6 International Holiday Delights to Make This Year


International Holiday Delights to Make This Year

Here are six international holiday dishes and drinks to add to your holiday line-up this year.

  1. Italian Panettone

Italy is world-renowned for having incredible food and wine. Panettone is a dessert bread that makes a great addition to any potluck, dessert tray, or as a standalone sweet paired with after-dinner coffee. You can also enjoy panettone for breakfast on Christmas morning with your favorite type of coffee. 

This labor-intensive dessert can take five days to create when accounting for feeding the yeast and letting it rise. The outcome can be impacted by changes in humidity and temperature, making this a finicky dessert to make from scratch. 

If you’re not feeling up to the challenge of making your own panettone for the holidays, many specialty bakers will do the hard work for you. Panettone often includes chocolate, nuts, or fruit— but the untouched panettone is just as delicious.

  1. Swedish Glogg

Mulled wine is a well-known and loved holiday cocktail that pairs perfectly with snowy evenings. Glogg is Sweden’s iteration of mulled wine and is reminiscent of a delicious Christmas cake that you can drink. In other words, you’ll be happy to discover that the best Swedish Glogg recipe pairs perfectly with Italian panettone. 

What sets Glogg apart from Western mulled wine? This spicy treat is more savory than sweet and is meant to be consumed in smaller quantities. The addition of whiskey adds a powerful punch, and the spice combination offers a bold flavor. Consider this recipe the espresso of wine drinks.

  1. Mexican Ensalada Nochebuena

In Mexico, Christmas celebrations can last for weeks at a time. This period is filled with traditions, celebrating the religious aspects of the season. 

One of the many Mexican holiday traditions is the enjoyment of Ensalada Nochebuena— Christmas Eve Salad— the night before Christmas. This recipe is a part of the Posada tradition, in which families walk together to replicate Mary and Joseph’s Christmas Eve journey.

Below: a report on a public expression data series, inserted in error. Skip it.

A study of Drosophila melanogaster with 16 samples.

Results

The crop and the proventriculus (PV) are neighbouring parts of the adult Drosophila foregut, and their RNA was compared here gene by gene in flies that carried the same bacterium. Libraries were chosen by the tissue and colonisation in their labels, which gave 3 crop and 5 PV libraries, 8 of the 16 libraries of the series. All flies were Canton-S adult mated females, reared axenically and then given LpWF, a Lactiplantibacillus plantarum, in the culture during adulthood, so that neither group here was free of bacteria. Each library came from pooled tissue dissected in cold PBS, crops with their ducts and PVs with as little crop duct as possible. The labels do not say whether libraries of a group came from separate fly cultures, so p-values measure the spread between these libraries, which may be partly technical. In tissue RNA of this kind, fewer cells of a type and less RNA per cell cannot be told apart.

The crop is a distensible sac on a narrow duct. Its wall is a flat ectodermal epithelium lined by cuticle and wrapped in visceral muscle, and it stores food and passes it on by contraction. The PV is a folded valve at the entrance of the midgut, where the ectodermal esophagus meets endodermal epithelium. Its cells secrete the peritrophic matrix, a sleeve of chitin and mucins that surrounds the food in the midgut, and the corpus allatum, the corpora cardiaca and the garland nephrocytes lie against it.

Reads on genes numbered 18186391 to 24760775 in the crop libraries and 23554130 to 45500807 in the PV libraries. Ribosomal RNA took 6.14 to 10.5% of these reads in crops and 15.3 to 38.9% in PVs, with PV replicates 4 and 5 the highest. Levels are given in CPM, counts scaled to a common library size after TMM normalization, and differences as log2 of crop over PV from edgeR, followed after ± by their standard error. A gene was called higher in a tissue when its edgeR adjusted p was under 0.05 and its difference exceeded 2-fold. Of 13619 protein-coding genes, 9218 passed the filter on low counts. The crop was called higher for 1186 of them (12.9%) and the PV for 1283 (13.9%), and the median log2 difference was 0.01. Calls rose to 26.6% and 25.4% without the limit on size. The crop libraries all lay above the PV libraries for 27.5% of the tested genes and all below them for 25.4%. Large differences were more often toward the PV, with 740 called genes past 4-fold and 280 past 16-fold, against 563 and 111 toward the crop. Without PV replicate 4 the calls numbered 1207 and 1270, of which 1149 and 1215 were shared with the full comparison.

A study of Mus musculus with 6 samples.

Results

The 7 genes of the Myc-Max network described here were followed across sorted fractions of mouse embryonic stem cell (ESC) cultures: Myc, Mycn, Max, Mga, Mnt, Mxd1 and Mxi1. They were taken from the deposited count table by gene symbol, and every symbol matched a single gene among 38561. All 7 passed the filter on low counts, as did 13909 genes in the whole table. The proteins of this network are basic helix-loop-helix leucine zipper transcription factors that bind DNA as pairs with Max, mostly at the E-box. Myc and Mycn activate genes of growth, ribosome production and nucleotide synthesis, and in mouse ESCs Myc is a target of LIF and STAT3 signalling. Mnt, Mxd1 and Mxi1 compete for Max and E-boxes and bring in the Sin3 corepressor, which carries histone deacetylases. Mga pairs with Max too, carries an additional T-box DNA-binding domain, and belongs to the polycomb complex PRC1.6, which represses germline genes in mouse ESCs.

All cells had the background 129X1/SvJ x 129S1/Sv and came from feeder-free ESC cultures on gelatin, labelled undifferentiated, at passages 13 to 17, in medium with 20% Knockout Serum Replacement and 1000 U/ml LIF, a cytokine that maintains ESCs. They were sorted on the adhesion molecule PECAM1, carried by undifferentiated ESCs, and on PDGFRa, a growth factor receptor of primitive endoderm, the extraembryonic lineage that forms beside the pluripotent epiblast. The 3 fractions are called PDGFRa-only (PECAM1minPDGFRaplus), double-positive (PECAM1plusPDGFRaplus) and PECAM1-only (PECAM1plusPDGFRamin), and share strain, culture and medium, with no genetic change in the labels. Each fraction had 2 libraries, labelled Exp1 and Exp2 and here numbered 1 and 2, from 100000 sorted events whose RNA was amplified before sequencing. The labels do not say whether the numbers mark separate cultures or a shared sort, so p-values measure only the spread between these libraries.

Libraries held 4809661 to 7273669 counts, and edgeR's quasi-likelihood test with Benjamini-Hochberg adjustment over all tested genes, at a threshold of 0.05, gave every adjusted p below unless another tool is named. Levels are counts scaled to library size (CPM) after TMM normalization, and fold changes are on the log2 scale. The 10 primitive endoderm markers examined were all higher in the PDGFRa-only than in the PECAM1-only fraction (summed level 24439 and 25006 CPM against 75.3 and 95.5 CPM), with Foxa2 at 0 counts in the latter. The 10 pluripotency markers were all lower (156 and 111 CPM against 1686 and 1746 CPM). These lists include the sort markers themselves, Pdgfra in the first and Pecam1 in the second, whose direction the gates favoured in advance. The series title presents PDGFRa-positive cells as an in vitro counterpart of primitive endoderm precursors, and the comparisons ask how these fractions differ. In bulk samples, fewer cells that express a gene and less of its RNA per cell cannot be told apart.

This delicious salad boasts seasonal fruit and vegetables, such as beets, plantains, jicama, and citrus on a bed of lettuce. Ensalada Nochebuena is meant to be served as a side with a main meat or soup dish.

  1. German Feuerzangenbowle

If you think the name Feuerzangenbowle sounds like “fire in a bowl,” you’d be right. This delicious holiday recipe includes both a dessert and a drink combined and lit on fire.

The core drink component is a German take on mulled wine (though you could use Glogg if you want). After the wine mixture is ready, you dip a piece of sugarloaf in rum, hold it over the beverage with fire-proof tongs, and carefully light the rum on fire. The rum burns off, melting the sugarloaf into the drink below. 

Be extra cautious when trying this one at home.

  1. Colombian Bunuelos and Natilla

Colombia does the holidays right with a rich serving of Bunuelos and Natilla. Roughly translated: cheese fritters and custard. These versatile treats work in a variety of settings. You can have them as an evening post-dinner treat or add them to a charcuterie board for a special surprise. Depending on your tastes, you can make these sweet, savory, or a little of each.

While Natilla isn’t a custard in the truest sense (custard typically contains eggs), it’s a delicious cream sauce that adds dimension to this delicious dish, often featuring cinnamon and coconut.

  1. Canadian Moose Milk

Even though it’s just north of the US border, Canada has an array of weird and wonderful unique dishes. From poutine to donair to storm chips, Canada has taken inspiration from its vast multicultural background to create some inspiring foods and drinks. 

Moose Milk is a holiday tradition that stems from the Canadian military during WWII. While each faction of the ownership of the military claim, no one really knows how it came to be. Moose Milk is an amped-up version of egg nog that kept soldiers warm in the trenches as December marched on.

Traditional Moose Milk contains coffee, cream, ice cream, coffee liqueur, whiskey, rum, and vodka. Recommended serving: one glass.

Try these incredible international dishes and drinks to shake things up this holiday season. You never know which one might become your next holiday tradition.